In separate cases last week the DOJ and the SEC charged a former Coinbase employee and two other individuals with wire fraud (DOJ) and violating the antifraud provisions of the securities laws (SEC).  

The basic allegations underlying both cases were the same - the former Coinbase employee learned which crypto assets or tokens were going to be listed on Coinbase before that information was made available to the public.  The former employee then shared the information with his two co-defendants who purchased the tokens, prior to the tokens being listed, and sold the tokens once they were listed at a significant profit.  The crypto assets or tokens in question, in both the SEC and DOJ cases, were all traded on the Coinbase exchange, but the SEC deemed nine of the twenty-five tokens involved to be "securities".

However, the SEC has not charged Coinbase with operating an unlicensed exchange.  Many wondered how the SEC could charge individuals with violating the securities laws and Coinbase, the exchange that listed the assets, could escape scrutiny.  The answer may be that it can't!

Bloomberg and several other media outlets reported today that Coinbase is facing a US probe into whether it improperly let Americans trade digital assets that should have been registered as securities, according to individuals familiar with the matter. Coinbase’s shares dropped 21% today.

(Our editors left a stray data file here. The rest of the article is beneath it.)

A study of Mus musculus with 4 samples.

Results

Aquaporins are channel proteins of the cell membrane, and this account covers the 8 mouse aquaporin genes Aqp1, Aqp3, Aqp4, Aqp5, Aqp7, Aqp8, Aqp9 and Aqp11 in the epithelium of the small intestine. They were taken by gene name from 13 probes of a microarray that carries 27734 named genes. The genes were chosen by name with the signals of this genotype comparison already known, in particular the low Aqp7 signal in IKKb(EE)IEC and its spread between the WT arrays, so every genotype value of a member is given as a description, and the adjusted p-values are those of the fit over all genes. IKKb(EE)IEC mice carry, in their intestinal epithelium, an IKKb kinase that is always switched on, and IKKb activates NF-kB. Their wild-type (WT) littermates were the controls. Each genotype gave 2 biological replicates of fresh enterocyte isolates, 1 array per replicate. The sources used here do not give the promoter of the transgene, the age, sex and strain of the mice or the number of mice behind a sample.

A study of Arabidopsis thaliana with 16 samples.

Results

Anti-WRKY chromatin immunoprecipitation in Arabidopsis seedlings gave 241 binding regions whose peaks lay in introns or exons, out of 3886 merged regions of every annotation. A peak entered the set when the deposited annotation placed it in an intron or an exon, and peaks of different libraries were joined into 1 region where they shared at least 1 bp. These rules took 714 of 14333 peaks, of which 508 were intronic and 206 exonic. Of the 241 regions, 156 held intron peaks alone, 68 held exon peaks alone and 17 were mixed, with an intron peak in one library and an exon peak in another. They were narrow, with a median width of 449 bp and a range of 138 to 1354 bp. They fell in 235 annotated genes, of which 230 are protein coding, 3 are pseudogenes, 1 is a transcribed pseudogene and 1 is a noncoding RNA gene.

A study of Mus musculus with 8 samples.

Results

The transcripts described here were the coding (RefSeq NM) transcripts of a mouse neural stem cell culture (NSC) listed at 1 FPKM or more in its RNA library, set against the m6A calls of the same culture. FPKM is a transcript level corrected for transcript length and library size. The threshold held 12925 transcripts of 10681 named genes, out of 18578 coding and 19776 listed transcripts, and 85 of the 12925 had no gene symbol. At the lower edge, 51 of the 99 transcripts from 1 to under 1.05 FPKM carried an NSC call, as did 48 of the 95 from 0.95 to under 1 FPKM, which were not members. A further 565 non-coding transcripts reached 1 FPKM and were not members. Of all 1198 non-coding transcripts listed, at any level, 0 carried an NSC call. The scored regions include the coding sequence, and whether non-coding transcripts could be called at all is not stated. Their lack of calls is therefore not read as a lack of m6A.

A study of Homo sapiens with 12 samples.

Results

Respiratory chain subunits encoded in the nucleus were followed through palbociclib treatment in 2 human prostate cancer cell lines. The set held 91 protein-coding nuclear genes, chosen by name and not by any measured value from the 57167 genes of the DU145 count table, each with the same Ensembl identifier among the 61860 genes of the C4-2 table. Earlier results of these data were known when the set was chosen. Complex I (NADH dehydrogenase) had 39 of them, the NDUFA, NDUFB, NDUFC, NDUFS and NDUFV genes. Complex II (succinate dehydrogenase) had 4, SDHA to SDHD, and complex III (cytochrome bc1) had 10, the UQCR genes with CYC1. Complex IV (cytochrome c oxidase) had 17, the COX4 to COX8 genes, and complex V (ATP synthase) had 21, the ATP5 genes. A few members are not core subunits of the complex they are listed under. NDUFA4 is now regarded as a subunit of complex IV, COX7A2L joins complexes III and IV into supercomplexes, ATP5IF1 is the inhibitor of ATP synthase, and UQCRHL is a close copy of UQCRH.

But according to Paul Grewal, chief legal officer of Coinbase, Coinbase is "confident that our rigorous diligence process—a process the SEC has already reviewed—keeps securities off our platform, and we look forward to engaging with the SEC on the matter." Coinbase has repeatedly stated that it does not list securities and it reiterated this position in a July 21, 2022 Twitter post by Grewal entitled, “Coinbase does not list securities. End of story.” Grewal explains that although, “seven of the nine assets included in the SEC’s charges (in SEC v. Wahi) are listed on Coinbase’s platform none of these assets are securities. Coinbase has a rigorous process to analyze and review each digital asset before making it available on our exchange — a process that the SEC itself has reviewed. This process includes an analysis of whether the asset could be considered to be a security, and also considers regulatory compliance and information security aspects of the asset. To be explicit, the majority of assets that we review are not ultimately listed on Coinbase.”

As the largest US trading platform, Coinbase lets Americans trade more than 150 tokens. If those tokens are deemed securities, the firm would need to register as an exchange with the SEC.  If this inquiry results in a complaint against Coinbase, the SEC is likely to have a second significant and well-financed legal battle on its hands as the decision in this potential enforcement action, and the case against Ripple, will likely permanently change the crypto industry.

If this reported investigation into Coinbase is accurate it will be yet another enforcement action for the SEC's recently expanded Crypto Assets and Cyber Unit in the Division of Enforcement.  In May, the Unit was slated to near double in size- giving it 50 dedicated positions.  A list of crypto related recent enforcement actions can be found on the SEC's website.